At this point, I should point out a few things worth knowing.

  • The certificate has a life of 90 days but you can renew it
  • You can’t get a wildcard certificate
  • I struggled with getting this to work in Windows environment so I’d personally recommend this only if you are using Linux. If you are in Windows and need short term access to an SSL certificate I would suggest you get a free 90-day certificate from Comodo instead
  • It only works if your HTTP server is exposed to the internet
  • AWS provide a free service to take care of this if you are using and Elastic Load Balancer or Amazon CloudFront

For this tutorial, I’ll go through the steps of getting a certificate and using it on your Apache 2.0 HTTP server.

Prerequisites for this are:

  • AWS EC2 with Ubuntu AMI on a T2.nano or bigger instance
  • You have setup the network & security groups for global HTTP/HTTPS access
  • You have registered your server in domain name

Setup Steps:

SSH onto your server and run the following commands

To make lifer easier run all your commands as a root

sudo su

Install Apache 2.0 Web Server and start it

apt-get install apache2
service apache2 start 

Install the Certbot agent used to get the certificate

add-apt-repository ppa:certbot/certbot
apt-get update
apt-get install python-certbot-apache

 

Get your certificate. Replace  <YOUR_FDQN_HERE> with your server’s fully qualified domain name eg www.testdomain.com

certbot --debug -v certonly -d <YOUR_FDQN_HERE>

When presented with the below options chose 2

How would you like to authenticate with the ACME CA?
-------------------------------------------------------------------------------
1: Apache Web Server plugin - Beta (apache)
2: Place files in webroot directory (webroot)
3: Spin up a temporary webserver (standalone)
-------------------------------------------------------------------------------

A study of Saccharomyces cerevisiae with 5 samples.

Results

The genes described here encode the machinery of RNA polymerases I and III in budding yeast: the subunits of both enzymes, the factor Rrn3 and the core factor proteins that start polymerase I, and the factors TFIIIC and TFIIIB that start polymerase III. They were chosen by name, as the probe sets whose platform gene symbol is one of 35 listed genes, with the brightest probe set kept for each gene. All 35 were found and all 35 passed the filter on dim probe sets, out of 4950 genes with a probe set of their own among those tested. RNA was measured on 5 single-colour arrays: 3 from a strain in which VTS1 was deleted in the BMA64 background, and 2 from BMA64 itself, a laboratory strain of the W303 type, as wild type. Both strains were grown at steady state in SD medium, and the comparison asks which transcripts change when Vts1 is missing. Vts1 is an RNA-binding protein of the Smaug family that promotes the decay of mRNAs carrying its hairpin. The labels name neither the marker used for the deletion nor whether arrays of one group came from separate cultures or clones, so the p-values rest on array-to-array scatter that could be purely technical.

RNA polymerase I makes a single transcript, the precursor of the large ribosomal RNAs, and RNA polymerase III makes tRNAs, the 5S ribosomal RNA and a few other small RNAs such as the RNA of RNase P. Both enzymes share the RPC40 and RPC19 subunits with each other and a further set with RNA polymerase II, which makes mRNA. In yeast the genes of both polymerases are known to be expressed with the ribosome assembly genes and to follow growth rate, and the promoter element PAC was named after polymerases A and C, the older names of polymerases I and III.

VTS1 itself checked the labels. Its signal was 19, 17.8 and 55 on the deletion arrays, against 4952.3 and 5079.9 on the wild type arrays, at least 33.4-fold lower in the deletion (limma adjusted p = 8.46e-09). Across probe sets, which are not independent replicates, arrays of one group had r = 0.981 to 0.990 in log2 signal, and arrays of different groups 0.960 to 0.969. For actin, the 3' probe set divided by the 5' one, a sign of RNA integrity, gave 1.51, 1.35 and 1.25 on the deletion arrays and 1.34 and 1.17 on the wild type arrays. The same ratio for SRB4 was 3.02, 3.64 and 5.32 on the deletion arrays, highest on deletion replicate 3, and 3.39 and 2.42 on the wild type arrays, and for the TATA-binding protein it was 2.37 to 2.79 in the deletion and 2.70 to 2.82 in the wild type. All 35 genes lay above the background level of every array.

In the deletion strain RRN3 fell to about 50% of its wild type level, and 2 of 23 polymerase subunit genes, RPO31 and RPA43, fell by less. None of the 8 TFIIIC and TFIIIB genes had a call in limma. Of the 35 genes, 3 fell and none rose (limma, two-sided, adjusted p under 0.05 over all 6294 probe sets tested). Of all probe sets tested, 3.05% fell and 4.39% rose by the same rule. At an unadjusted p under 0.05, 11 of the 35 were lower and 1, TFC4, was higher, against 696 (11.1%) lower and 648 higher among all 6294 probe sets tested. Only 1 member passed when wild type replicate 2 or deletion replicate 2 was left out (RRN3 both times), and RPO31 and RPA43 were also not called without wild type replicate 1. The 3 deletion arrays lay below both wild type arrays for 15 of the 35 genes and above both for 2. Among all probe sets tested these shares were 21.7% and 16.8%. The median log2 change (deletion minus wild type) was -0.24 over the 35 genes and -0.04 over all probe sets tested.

When promoted for a new webroot  enter 1 then the value /var/www/html

When the script completes you will get a confirmation that looks like the one below

IMPORTANT NOTES:
 - Congratulations! Your certificate and chain have been saved at
 /etc/letsencrypt/live/<YOUR_FDQN_HERE>/fullchain.pem.
 Your cert will expire on 2017-07-04. To obtain a new or tweaked
 version of this certificate in the future, simply run certbot
 again. To non-interactively renew *all* of your certificates, run
 "certbot renew"

The next step is to configure Apache. Create the following file /etc/apache2/sites-available/<YOUR_FDQN_HERE>.conf and insert the following text. Change the values in bold to something appropriate

<VirtualHost *:443>
 ServerName <YOUR_FDQN_HERE>
 ServerAdmin <youractual@email.address>
 DocumentRoot /var/www/html
 SSLEngine on
 SSLCertificateFile /etc/letsencrypt/live/<YOUR_FDQN_HERE>/cert.pem
 SSLCertificateKeyFile /etc/letsencrypt/live/<YOUR_FDQN_HERE>/privkey.pem
 SSLCertificateChainFile /etc/letsencrypt/live/<YOUR_FDQN_HERE>/fullchain.pem
</VirtualHost>

Next, run the following commands

a2enmod ssl
a2ensite <YOUR_FDQN_HERE>
service apache2 restart

Test your website works at this time by going here https://<YOUR_FDQN_HERE>/

The final step is the setup a scheduled job to auto renew the SSL certificate. My example runs once every second month at 3:30 am

crontab -e

Insert the following line into the file then save and exit

30 03 01 */2 * certbot renew

That’s all that needs to be done.

All the code, all the fun – Ben

Ben writes blogs about the technical side of BI the code, all the code and not much other than the code.